Sunday, July 30, 2006
The God of Chaos And The Middle East
I don't write much about the wars and occupations. My excuse is that I'm not an expert in the fields of killing and international politics, but that's not a good excuse. Being a nonexpert has never stopped me from writing about any topic I believe would be improved by my simplistic pontifications. The real reasons are twofold:
First, just like Condi Rice, I'm deeply saddened by all that collateral damage (babies without heads, old women turned into something one usually sees in butcher shops), and I really am saddened by it. The overwhelming amount of all the horror then does something to my brain connections and I snap. Not good for continued blogging.
Second, even reading about the latest blunder of our dear little neocons makes me see red. Red as in angry. Real red, so burning that I'm almost setting the neighborhood on fire. The anger comes from the unbelievable arrogance of those in power, arrogance of such enormity that it was deemed unnecessary to learn anything about the area one was going to set free for democracy, when every school child could have easily googled enough material to find out that more democracy was not what we would get from our adventures in the various Muslim nations. Most of those countries have no large, established secular civil society, many of them are structured on tribal bases, and none of them can be quickly and realistically unified by anything other than either a terrible dictator or an overwhelming religious ideology. And guess which one the neocons offered to the countries they wanted to make safe from terrorism of the Islamic fundamentalist type? The idiotic paradoxity of this makes me cry blood. We are fighting terrorism by making more of this world into fundamentalist Taliban-like societies which will certainly not reduce the pressures towards extremism. Not to mention the "collateral damage" on the lives of millions of women in those new Talibanias.
And this is what I marched against before the Iraq war. The first time I marched against anything, by the way, as I'm a lazy and lethargic sort of goddess and need to face the oblivion of this imperfectly wonderful world before I get off my butt. I marched, because of the pointless deaths I could see in the future, because of all that pointless suffering, but even more I marched because the whole scheme was harebrained and doomed to failure. Democracy can't be imported from outside at the tip of a sword or a bomb. Even nations with internal divisions and fights will unite against such an external savior, and in their uniting they will choose whatever brings them together, even if it is ultimate self-destruction. If Iran is attacked it will not fall apart, as the neocons have decided. It will unite and fight the attacker. That's how it is.
Democracy takes time to grow. It takes the development of democratic institutions, laws and constitutions which have been decided on against long debates. It takes the development of an educated class of voters. It takes time.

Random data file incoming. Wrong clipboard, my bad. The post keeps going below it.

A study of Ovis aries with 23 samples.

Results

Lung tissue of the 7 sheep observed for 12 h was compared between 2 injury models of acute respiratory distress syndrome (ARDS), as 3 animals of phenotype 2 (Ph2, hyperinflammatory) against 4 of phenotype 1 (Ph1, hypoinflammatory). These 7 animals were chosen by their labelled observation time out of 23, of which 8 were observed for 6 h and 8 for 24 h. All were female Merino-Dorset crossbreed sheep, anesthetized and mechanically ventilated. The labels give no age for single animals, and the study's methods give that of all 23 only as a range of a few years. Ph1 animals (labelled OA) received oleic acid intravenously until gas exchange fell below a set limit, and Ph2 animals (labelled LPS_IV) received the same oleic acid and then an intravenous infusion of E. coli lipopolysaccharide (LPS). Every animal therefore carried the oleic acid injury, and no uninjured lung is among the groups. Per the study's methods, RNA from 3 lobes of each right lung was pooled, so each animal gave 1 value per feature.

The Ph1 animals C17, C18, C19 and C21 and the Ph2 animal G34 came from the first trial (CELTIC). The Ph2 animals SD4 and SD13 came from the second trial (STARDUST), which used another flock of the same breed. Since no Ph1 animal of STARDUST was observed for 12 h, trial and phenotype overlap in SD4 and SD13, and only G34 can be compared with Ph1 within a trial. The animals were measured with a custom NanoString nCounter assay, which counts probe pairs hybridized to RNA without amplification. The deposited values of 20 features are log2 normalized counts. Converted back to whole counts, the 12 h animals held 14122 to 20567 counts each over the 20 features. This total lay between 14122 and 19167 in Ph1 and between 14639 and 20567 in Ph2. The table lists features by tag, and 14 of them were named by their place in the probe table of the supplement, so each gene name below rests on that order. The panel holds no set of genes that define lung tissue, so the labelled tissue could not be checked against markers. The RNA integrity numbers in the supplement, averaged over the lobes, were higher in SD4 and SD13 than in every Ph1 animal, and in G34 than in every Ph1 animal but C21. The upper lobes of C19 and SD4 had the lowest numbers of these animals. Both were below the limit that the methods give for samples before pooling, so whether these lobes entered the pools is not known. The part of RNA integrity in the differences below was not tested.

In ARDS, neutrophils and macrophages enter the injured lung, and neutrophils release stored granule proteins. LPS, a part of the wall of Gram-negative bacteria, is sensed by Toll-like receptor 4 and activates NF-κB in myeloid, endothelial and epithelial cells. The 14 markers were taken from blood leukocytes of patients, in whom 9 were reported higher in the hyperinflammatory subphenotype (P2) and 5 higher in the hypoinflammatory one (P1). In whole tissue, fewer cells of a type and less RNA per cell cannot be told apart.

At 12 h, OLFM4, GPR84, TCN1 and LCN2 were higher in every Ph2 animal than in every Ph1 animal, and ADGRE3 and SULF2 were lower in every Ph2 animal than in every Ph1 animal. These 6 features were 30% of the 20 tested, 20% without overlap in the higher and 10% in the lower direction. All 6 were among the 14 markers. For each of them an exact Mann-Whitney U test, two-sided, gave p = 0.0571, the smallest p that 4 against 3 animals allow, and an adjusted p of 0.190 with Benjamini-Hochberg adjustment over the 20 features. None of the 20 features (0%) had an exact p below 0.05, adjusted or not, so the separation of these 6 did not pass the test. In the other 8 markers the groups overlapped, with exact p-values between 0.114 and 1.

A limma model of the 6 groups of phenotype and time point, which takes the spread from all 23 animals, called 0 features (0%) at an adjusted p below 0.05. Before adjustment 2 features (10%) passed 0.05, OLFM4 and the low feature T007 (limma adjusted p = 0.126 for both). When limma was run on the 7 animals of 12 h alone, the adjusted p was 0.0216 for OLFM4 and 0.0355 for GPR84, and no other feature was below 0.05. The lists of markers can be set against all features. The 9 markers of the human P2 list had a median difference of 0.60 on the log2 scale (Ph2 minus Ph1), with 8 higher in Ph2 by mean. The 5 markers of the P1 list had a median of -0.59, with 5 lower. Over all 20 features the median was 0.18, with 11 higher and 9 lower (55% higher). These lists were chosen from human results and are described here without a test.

The neocons want instant democracy, or something that might look like democracy, and they are offering it as one of two choices, the other being death. There are ways in which this reminds me of the choices the bin Ladens would like to give to the world, although even cookie-cutter pretend-democracy is better than bin Ladens alternatives. But there are more than these two choices. Or three, counting death.
It's an odd experiment to try to deduce the intentions of the neocons now in power in the United States from their acts. Reminds me of the "revealed preference" theory of economics, where one tries to deduce the desires of people from the knowledge we have about what they have actually done under various constraints. I call the neocon experiment odd, because my attempts to deduce their preferences makes me more and more certain that they are stark nutters.
They appear to want to spread the Israel-Hezbullah war to Syria, with the idea that chaos is somehow a good thing now for the Republican party. Or perhaps with the idea that one failed occupation in Iraq will be buried under new wars. Or perhaps they know that they only have a few months to bring about the next world war and they're desperately working against that deadline.
For why else worship the god of chaos? Destroying the oil fields is not going to make oil more available. Turning the various terrorist organizations into the only thing that seems to stand between people and chaos is not going to help in the so-called war against terrorism.
Or are they trying to cause one big wave of war to create a foundation for permanent peace? I seem to remember that this argument was used to defend the First World War. So much for that idea.
The most likely explanation for the neocon idiocies is that they are working the elections, trying to make such a mess of tangled webs that voters can't see how to cut them loose and end up selecting the same spiders again, or that somehow brewing enough war elsewhere might keep us temporarily safe, and that this would be enough for all those cowering under their beds right now. Whatever the explanation might be, from my point of view it's despicable.
Now you see why I don't write about this topic that often.
Check out Glenn Greenwald's post on this topic.